Ex Libris feeds the need to read


Reagan Wilkins

Jan. 29, 2016 – Ex Libris members kick back and relax at the Read-a-Thon. Ex Libris hosts this event annually as a way to raise money for literary charities. This year, students read to raise money for Books for Africa.

Daniella Vivas, Staff writer

As the first lunch bell rings, junior Alexandria Thomas and her friends head to the media center to enjoy the privilege of eating while embracing their hobby of reading at Feed Your Need to Read. “I was excited to participate in the activities they had there and also be with my friends at the same time,” Thomas said.

For the second year in a row, media specialist Leigh Anne Hanie and the Ex Libris book club hosted Feed Your Need to Read week, held on Jan. 27-29.

Hanie began the event to promote reading beyond the members of the book club with author visits and giveaways. This year, young adult authors Romily Bernard and Christine Deriso were guest speakers on Thursday and Friday to discuss writing with students.

Hanie’s motive behind creating this opportunity for students was to “promote the culture of reading.” To do this, she extended the invitation to all students, not just Ex Libris members.

Jan. 28, 2016 - Romily Bernard, author of last month's Ex Libris book choice“Find Me,” answers students’ questions while they eat lunch in the media center during “Feed Your Need to Read” week.
Reagan Wilkins
Jan. 28, 2016 – Romily Bernard, author of last month’s Ex Libris book choice “Find Me,” answers students’ questions while they eat lunch in the media center during Feed Your Need to Read week.

Bernard, author of last month’s Ex Libris book choice “Find Me,” said she always makes sure to stop by when someone from the area contacts her.“Getting to meet an author helps kids realize we are real people,” Bernard said, “not just some special unicorn.”

She published “Find Me” after nine months of writing and four months of revising and editing. She said editing was one of the more difficult processes, but “through pains, there is improvement.”

Spanish teacher Jaye O’Brien contacted Deriso, her childhood friend, to speak during “Feed Your Need to Read” week. Deriso said she “wouldn’t miss it for the world.”

O’Brien and Deriso grew up together in West Point, attending the same middle school. During this time, Deriso realized her dream was to “write and have my voice heard.”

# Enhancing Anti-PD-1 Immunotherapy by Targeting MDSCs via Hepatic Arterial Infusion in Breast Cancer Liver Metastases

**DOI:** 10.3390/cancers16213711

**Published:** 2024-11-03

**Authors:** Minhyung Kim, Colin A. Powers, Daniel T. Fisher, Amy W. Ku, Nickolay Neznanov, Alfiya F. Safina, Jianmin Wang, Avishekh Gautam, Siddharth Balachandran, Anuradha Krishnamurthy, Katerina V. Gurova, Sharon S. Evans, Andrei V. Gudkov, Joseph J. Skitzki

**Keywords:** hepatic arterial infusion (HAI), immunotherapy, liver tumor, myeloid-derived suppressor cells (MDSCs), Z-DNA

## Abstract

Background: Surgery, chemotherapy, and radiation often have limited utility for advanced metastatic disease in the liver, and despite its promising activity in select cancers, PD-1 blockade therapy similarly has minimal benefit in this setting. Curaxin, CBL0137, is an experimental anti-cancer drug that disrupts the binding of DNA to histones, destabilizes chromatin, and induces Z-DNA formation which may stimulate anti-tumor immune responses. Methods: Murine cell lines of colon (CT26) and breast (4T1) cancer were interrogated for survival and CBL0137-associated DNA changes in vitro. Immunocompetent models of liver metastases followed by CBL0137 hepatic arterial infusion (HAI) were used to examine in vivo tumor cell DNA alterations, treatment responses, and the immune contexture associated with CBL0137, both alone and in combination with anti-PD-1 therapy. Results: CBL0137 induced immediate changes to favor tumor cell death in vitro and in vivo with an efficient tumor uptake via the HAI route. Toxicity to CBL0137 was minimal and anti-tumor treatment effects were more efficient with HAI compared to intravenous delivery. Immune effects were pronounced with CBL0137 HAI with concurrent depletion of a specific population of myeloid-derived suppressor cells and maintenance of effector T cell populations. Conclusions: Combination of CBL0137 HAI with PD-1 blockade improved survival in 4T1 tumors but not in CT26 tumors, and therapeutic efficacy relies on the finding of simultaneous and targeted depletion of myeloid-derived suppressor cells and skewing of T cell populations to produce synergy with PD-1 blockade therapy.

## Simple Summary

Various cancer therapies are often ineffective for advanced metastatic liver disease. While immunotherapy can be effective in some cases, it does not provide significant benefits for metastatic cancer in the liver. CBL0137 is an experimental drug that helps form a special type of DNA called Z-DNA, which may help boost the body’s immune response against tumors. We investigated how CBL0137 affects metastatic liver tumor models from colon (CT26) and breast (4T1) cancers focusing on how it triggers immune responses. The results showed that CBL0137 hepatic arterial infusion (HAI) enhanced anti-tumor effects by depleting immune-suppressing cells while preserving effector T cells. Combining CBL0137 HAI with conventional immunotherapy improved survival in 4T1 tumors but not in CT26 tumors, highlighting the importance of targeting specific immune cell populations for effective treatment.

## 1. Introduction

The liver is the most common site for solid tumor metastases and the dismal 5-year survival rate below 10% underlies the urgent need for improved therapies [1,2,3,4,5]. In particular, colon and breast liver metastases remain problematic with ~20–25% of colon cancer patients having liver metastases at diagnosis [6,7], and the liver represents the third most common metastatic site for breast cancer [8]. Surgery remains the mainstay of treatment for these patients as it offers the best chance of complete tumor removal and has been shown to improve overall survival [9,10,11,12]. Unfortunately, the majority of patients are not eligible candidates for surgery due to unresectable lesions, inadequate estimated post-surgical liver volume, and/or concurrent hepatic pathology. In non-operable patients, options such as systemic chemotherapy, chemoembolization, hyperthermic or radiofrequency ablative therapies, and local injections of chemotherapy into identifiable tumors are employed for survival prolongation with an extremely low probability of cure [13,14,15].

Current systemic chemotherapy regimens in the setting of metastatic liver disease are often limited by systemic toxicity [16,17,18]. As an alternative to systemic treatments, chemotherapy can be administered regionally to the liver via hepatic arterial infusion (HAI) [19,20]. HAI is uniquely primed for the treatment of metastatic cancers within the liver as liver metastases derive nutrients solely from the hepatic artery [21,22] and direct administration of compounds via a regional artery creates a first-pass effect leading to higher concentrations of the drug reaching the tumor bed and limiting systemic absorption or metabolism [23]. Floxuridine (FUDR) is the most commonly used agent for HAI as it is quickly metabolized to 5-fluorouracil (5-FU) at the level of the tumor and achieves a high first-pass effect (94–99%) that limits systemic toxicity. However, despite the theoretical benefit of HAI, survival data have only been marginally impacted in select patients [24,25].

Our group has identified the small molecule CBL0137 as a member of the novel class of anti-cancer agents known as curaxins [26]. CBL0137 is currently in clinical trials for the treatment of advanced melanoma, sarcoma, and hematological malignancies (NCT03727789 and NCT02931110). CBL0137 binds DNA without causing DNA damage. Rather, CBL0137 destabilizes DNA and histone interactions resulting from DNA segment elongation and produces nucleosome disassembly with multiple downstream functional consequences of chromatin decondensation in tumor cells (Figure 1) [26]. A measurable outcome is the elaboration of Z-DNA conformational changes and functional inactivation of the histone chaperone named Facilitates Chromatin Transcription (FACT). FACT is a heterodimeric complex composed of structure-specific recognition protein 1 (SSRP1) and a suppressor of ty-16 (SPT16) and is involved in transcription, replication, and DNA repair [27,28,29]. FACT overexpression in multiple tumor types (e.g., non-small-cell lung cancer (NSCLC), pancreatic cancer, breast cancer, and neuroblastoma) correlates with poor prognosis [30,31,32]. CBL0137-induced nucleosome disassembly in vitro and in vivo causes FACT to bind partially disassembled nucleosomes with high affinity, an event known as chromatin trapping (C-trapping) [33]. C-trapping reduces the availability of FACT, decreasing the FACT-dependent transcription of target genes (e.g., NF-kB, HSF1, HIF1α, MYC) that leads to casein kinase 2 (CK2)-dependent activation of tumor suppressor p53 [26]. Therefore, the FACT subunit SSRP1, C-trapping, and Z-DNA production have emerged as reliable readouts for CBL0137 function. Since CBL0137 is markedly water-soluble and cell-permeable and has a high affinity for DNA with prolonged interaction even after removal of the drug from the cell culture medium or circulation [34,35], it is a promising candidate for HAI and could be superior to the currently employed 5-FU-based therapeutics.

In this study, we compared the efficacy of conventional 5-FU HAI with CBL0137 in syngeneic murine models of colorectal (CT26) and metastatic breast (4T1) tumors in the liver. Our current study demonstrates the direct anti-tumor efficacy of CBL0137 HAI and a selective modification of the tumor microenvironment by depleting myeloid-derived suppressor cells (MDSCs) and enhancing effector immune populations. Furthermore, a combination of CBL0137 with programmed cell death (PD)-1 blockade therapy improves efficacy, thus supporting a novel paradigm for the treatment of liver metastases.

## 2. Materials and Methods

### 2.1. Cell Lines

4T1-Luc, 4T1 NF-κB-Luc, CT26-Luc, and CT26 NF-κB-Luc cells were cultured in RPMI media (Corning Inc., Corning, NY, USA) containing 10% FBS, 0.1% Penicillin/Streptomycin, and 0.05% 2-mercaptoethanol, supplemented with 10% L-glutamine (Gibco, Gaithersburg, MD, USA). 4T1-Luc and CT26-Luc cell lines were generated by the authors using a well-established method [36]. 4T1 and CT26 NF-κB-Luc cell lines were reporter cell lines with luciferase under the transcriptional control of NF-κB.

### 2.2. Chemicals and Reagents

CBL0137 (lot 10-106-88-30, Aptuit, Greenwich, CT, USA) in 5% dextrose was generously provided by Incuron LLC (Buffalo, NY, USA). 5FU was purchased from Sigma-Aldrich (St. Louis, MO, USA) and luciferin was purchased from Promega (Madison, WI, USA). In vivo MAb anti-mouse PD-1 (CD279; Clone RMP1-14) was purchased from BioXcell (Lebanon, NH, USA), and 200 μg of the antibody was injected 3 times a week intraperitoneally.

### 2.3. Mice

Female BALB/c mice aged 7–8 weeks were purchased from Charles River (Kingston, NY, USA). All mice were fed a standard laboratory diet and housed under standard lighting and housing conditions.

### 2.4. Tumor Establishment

Deriso always knew she wanted to write. She attended the University of Georgia, earning a degree in journalism. She felt like that gave her a way to write and produce what she loves. “I don’t remember a time not wanting to write,” Deriso said.

Deriso told students that “all you need to be a writer is your imagination.”  Bernard gave similar advice. “Don’t worry about whether or not your writing is good enough or if people are going to like it,” Bernard said. “Don’t be afraid of the blank page.”  

Ex Libris advertised “Feed Your Need to Read” week by displaying posters in English classrooms and in the media center to increase attendance.
Erin Schilling
Ex Libris advertised Feed Your Need to Read week by displaying posters in English classrooms and in the media center to increase attendance.

Bernard and Deriso both explained their personal experiences with the challenges and advantages of becoming a published author.

Second year attendee, junior Madison Martin, especially liked “how the author and I could have an actual conversation when answering our questions about getting published,” Martin said.

By having authors visit, Hanie hopes students “see how ordinary people are published authors.”

The Feed Your Need to Read week culminated with the annual Ex Libris Read-a-Thon event Friday night, which was exclusive for club members.

Readers curled up with blankets and books after school and read until 10 p.m. for charity. Ex Libris president Lydia Powell thinks that “more students should attend because it is a relaxing event. It’s great to be able to sit, focus and read.”

Beforehand, students raised money by asking family, friends and faculty to sponsor them. Sponsoring includes either a one time donation or pledging an amount per page read.   

These donations gathered by participants after the Read-a-Thon go toward a literary charity chosen by the Ex Libris officers. This year, the money is going to Books for Africa, which is a charity that provides relief for “book famine” for children in Africa.

“The best thing about the Read-a-Thon is being with friends while reading,” sophomore Marleena Tamminen said, “and also knowing that it’s for a good cause.”

Even six years after creating the Read-a-Thon, Hanie’s purpose for conducting the event remains the same. “I want students to meet like-minded people,” Hanie said.